What are the benefits to fostering older youth?

Fostering an older youth requires a shorter commitment than with a younger child. Older youth are typically self-sufficient, with their own interests and activities. They may not be looking for a mom or dad, but rather a life coach or a mentor. Families with older youth tend to stay youthful themselves and grow in new ways. They may also find the personality of teens to be entertaining and challenging in a good way.

What’s it like to foster younger youth?

Younger children can grow and adjust to fit into your family and may be available for adoption. If you’re not ready to make that decision up front, we can support you in making this choice. On the other hand, you may have a child placed with you who may return to his or her family, and it can be hard to let the child explore this option.

Do youth stay in contact with their birth families?

The Dan Fox Family Care Program staff seek to maintain and, in some cases, build a positive relationship with birth families. This often brings children and youth a sense of culture, history, and self. Our top priority is to ensure that this contact is safe, and we offer support and supervision when necessary.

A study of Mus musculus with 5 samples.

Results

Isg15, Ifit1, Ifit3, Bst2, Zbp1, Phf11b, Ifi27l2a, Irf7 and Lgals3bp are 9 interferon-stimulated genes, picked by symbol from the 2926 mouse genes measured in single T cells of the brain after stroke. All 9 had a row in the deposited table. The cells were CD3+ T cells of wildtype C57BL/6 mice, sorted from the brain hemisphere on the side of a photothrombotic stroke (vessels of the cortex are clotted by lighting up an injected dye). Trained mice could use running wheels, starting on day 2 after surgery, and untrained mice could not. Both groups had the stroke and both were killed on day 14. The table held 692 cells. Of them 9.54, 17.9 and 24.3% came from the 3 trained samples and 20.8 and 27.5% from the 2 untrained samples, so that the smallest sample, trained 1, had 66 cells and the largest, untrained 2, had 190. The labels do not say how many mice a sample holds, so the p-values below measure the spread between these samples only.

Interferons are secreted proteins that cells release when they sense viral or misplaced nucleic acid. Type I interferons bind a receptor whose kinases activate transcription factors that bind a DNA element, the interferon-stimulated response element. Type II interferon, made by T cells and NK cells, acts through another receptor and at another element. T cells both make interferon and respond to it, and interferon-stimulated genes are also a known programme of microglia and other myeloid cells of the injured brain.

What support does Dan Fox provide to foster families?

We offer a wide variety of services and support to foster families and children, including:

  • Making a thoughtful, slow placement to best match a family with an appropriate child
  • Advocating for foster parent needs
  • Providing social work support and therapeutic interventions
  • Offering case management services and ongoing parent training and support groups
  • Affording the family with 24-hour staff availability
  • Providing financial reimbursement
  • Insuring the child has health and mental health insurance coverage over and above the stipends given to foster parents
  • Training in child development and other related topics
  • Providing respite care in which another family takes the child temporarily to give you a break
  • Offering life skill services for youth and assisting up to age 18 or graduation from high school, whichever is later.

Are there other ways to help children in need?

Children in foster care need caring adults in their lives on a consistent basis. If you’d like to help a child, but aren’t quite ready to commit to fostering, you can help in other ways. One way is to provide respite, or short-term care, to children for a specified time while foster parents are unavailable or taking a break. It can be as short as a few hours or as long as a few weeks. You might also consider mentoring, tutoring, providing transportation, or job training.